In August 2011, The Guardian ran a two-page spread that wound up christening a brand-new cinematic movement. Written by Steve Rose, “Attenberg, Dogtooth, and the Weird Wave of Greek Cinema” began with two questions: “Are the brilliantly strange films of Yorgos Lanthimos and Athina Rachel Tsangari a product of Greece’s economic turmoil? And will they continue to make films in the troubled country?” Greece, as it turned out, continued to be troubled, the Greeks continued to make films, and the Greek Weird Wave somehow stuck as a catch-all term to denote what Rose then hyperbolically called “the world’s most messed-up cinema.” But the several films that earned the label since have only questioned its meaning and applicability. Messed-up and inexplicably strange the descendants of Attenberg and Dogtooth no doubt remain, but the many different shades of weird they brim can hardly be accounted for by an increasingly empty buzzword.
So it is for Silence 6-9, Christos Passalis’ solo directorial debut. Passalis’ own journey in the Greek Weird Wave began as an actor: he starred, among others, in Lanthimos’ Dogtooth and Syllas Tzoumerkas’ The Miracle of the Sargasso Sea––both opposite Angeliki Papoulia, whom he recruited as co-star in Silence 6-9. Yet the film, while drawing from the same allegory-heavy bizarro popularized by Lanthimos and his descendants, strives for a different register. Drenched in melancholia and unspeakable loneliness, it’s a lot closer in moods to the cinema of Aki Kaurismäki than, say, The Lobster. And if its more humane approach makes for a refreshing detour from your trademarked brand of Greek Weird, whatever that may be, the end result feels somewhat patchy, making for a lopsided film wherein the script struggles to live up to some of the feverish images immortalized by Giorgios Karvelas’s caliginous cinematography.
Still, strange Silence 6-9 most certainly is. From the first shot––in which a lone man walks down a deserted street in the dead of night, stalked by ravens that keep falling from the sky and a couple of hotel chambermaids that glare at him from a bridge––the film teems with ominous, oneiric flourishes. The man is Aris (Passalis, here in triple-duty as writer, director, star) and the unidentified stretch of Greece he’s roaming is a dilapidated town that decided, some time back, to observe a strict sonic curfew. No one is to speak between the hours of six and nine, lest the noise disrupt the morbid experiments carried out by a team of scientists who’re relying on an army of antennas to pick up fragmentary messages from people who’ve mysteriously left the town and their loved ones behind. Aris is to work on the antennas, but he spends much of his time with the town’s only other newcomer, Anna (Papoulia), who’s been hired as a stand-in for a woman who vanished in thin air, and surrogate wife for her heartbroken husband.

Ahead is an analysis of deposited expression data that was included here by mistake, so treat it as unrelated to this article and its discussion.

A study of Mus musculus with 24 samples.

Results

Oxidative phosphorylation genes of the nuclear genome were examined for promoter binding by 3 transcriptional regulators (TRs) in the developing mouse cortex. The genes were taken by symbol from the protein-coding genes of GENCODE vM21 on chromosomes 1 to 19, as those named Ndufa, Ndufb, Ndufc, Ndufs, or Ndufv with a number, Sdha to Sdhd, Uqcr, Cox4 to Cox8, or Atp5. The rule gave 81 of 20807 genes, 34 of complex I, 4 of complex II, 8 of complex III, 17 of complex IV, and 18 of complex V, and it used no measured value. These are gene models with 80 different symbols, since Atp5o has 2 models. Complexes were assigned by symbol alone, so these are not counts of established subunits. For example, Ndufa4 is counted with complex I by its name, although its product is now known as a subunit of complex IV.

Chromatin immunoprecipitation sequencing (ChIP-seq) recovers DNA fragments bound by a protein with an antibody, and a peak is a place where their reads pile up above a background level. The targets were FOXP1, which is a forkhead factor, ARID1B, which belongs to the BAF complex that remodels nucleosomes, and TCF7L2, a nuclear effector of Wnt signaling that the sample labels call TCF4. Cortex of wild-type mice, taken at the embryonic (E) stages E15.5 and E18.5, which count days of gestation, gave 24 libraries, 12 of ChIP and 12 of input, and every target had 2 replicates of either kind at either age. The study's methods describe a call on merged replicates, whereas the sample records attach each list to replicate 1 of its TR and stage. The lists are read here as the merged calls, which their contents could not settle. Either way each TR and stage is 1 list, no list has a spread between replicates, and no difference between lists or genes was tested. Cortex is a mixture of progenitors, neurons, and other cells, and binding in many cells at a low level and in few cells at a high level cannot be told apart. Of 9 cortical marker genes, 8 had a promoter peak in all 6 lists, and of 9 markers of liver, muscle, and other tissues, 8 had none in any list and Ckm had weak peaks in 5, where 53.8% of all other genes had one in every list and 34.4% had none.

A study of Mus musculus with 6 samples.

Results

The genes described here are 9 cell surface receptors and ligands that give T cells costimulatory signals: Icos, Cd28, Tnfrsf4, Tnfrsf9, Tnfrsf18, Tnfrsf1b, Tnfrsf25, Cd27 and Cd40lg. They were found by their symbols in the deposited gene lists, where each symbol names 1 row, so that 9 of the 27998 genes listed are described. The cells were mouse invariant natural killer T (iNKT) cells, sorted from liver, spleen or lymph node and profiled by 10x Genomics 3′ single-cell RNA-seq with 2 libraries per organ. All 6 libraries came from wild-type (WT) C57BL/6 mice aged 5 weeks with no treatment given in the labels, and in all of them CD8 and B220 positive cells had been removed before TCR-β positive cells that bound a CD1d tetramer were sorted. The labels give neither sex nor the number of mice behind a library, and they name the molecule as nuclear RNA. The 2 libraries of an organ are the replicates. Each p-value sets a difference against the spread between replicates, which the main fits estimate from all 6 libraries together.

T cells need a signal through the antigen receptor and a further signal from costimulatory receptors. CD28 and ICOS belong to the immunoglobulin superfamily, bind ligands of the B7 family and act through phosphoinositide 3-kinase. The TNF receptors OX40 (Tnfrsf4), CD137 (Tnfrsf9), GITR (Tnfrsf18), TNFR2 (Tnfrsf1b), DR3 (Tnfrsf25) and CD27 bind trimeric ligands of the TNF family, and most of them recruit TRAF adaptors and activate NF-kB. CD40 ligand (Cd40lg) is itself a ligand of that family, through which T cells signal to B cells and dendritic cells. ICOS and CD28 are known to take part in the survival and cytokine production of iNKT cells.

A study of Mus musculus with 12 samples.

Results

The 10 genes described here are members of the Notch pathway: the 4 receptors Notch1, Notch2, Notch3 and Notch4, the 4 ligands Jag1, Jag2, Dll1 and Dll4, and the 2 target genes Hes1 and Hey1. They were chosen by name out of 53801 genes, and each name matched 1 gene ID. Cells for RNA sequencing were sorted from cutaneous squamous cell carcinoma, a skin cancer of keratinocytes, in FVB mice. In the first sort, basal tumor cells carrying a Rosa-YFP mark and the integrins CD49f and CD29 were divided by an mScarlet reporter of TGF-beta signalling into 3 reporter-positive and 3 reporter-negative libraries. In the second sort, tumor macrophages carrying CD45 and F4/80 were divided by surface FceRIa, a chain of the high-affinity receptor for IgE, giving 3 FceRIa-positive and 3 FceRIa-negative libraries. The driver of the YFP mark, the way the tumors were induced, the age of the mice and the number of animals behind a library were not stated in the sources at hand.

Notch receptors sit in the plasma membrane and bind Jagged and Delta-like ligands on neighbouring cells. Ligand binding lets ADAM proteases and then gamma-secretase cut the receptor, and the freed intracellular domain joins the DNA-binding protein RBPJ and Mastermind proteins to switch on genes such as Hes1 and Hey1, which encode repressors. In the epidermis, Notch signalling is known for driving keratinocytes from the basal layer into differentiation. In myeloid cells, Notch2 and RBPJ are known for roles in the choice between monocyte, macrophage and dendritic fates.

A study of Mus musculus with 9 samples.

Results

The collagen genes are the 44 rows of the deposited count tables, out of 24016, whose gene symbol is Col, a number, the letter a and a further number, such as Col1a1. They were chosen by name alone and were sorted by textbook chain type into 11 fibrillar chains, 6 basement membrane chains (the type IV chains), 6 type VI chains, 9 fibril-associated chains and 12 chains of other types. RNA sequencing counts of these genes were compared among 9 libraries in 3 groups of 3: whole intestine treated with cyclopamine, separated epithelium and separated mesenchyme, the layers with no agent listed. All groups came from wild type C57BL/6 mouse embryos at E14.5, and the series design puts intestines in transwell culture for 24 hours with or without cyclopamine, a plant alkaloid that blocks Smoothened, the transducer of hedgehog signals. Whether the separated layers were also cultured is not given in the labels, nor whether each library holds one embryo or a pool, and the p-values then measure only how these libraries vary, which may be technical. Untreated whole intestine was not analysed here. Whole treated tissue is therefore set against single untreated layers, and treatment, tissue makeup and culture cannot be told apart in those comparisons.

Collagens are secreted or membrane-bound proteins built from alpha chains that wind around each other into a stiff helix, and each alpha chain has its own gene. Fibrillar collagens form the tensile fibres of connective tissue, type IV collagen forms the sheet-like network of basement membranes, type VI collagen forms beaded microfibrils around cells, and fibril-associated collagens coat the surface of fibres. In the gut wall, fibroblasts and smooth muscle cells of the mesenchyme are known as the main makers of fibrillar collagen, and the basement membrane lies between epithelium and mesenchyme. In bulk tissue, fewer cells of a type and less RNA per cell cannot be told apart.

It’s an intriguing and sinister premise for a film that ultimately hinges on a well-trodden dilemma: how and whether one should learn to let go. Passalis, who wrote the script with Eleni Vergeti, literalizes the conflict by adding to his gaggle of hangdog grievers a mayoral candidate whose whole campaign doubles as a plea to forget and move on. The fuzzy messages from the hereafter are recorded on cassette tapes that get handed out to the last surviving residents, one of several examples of anachronistic tech that production designer Márton Ágh skillfully employs to blur the film’s temporal references, leaving one to grapple with a Twin Peaks-like What Year Is This? unease.
But for a film about a whole town caught in a state of protracted mourning, Silence 6-9 begs an existential question: whether the dead are those who fled or those who stayed behind. The lobotomized, phantom-like people populating Passalis’ tale aren’t much different from the living dead dotting older Weird Wave titles, from Lanthimos’ hits down to more recent forays (e.g. Christos Nikou’s 2021 Apples). An eerie lifelessness haunts everyone in Silence 6-9, as if the limbo that characters are mired in drained them of all feelings. Even Aris and Anna, for all their timid flirting, fumble into the depopulated village as human chrysalises. And that omnipresent torpor transpires from the script as well. The film is full of staid exchanges, of profundities uttered in a deadpan tone. That may be of a piece with the overall still-life aura, but it also means Silence 6-9 seldom plays above a feeble emotional pitch.
It’s a pity: Passalis and Papoulia say and convey plenty through mere glances and silent gestures. Part of the charm in this film is to witness their unlikely romance blossom in a place that seems to have banned emotions as much as noise. And it’s all the more frustrating because of the many disquieting images Passalis and Karvelas craft along the way, not least a peep show that sees the abandoned ogle at those standing for their loved ones, a choreography of longing that, like much of the film, feels more stilted than desperate. Passalis has a keen eye for scenes that look dredged up from the subconscious; the film was shot in the outskirts of Athens, and there are times when, Lilliputian figures standing next to derelict arches and buildings, Aris and co. look like silhouettes in a De Chirico painting. Cassette tapes billowing in the breeze, hotel rooms swelling into prison cells, suicidal ravens, burst lips––Silence 6-9 thrives on cryptic, enigmatic images, and the lingering sense of mystery it radiates is ultimately more alluring than hermetic. Yet the mute register winds up siphoning the weird from its most perturbing passages, and the oomph out of its unlikely, dreamlike romance.
Silence 6-9 screened at the Cyprus Film Days International Festival.